Larry Swedroe’s “Look at Value, Quality, and Momentum” article in IndexUniverse is a must-read for anyone looking to understand the benefits of factor-based investing.
One reason that combining the strategies adds value is correlation.
Specifically, signals in gross profits-to-assets and momentum are both negatively correlated with valuation ratios, and profitability and momentum have low correlation. Thus, they hold very different stocks.
Swedroe cites a study by Robert Novy-Marx covering the period 1963-2011 that looked at the results of building a portfolio consisting of a combination of value, profitability, and momentum:
Marx then looked at combining the value and profitability strategies with momentum in a single portfolio. Over the same July 1963-December 2011 period, he found that a dollar invested in the market would have grown to more than $80; a dollar invested in large-cap winners (momentum stocks) would have grown to $597; a dollar invested in cheap large-cap winners would have grown to $411; a dollar invested in profitable, cheap large-cap stocks would have grown to $572 dollars; and a dollar invested in profitable, cheap, large-cap winners would have grown to $955.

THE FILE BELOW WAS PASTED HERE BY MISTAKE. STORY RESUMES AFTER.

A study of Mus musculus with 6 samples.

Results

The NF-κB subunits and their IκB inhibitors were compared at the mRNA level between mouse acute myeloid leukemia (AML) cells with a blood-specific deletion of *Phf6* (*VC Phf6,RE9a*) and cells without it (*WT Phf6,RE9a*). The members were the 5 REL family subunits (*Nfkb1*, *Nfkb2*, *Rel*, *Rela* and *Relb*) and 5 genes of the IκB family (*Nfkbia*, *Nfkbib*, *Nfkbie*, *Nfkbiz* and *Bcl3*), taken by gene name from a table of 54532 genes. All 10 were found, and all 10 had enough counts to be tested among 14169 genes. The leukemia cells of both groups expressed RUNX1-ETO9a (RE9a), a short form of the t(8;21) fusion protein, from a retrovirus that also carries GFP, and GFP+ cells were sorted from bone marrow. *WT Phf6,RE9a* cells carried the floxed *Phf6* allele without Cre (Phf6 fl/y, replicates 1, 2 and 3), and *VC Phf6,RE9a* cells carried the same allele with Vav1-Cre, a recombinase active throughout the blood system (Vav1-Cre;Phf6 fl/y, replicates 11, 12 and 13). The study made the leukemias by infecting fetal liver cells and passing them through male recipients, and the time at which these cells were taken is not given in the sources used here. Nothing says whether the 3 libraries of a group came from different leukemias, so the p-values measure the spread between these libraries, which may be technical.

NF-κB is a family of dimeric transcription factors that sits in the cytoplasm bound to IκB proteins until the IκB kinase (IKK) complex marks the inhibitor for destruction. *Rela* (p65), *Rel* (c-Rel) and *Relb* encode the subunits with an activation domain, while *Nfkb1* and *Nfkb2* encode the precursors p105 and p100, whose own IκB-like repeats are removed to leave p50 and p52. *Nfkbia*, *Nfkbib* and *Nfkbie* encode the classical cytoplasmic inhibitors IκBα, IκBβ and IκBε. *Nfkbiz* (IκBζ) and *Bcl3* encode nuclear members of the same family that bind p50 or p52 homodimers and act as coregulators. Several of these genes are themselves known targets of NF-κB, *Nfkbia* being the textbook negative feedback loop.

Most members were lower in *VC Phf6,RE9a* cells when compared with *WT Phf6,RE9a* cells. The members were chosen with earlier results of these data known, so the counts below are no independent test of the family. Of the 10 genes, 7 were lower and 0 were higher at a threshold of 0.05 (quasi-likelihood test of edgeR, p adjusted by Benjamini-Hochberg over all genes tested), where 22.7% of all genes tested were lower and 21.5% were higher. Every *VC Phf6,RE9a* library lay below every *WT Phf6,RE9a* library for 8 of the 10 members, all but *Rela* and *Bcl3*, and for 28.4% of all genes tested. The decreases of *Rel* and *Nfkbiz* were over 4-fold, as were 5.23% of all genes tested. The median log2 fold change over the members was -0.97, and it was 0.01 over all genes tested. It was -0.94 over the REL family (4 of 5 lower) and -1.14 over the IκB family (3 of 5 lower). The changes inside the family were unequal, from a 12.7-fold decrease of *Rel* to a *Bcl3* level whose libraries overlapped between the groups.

Given that trading costs are relatively low in large-caps, even if turnover for a combined strategy was fairly high, the strategy seems to hold great appeal given the size of the premium.
Citing a different paper by AQR Capital also on the topic of combining value, quality, and momentum, Swedroe stated the following:
Another benefit of the core approach is more consistent performance. AQR’s study, which covered the period since 1980 in the U.S. and since 1990 in international markets, found that a simple value portfolio experiences significant five-year periods of underperformance, while the core portfolio effectively eliminates any such episodes, outperforming the market in every five-year period historically.
The key here is that combining different winning return factors—including value, quality, and momentum—has historically greatly benefited an investor both from a cumulative performance perspective and also from a performance consistency perspective. Both cumulative performance and performance consistency are critically important to a client.
Past performance is no guarantee of future results.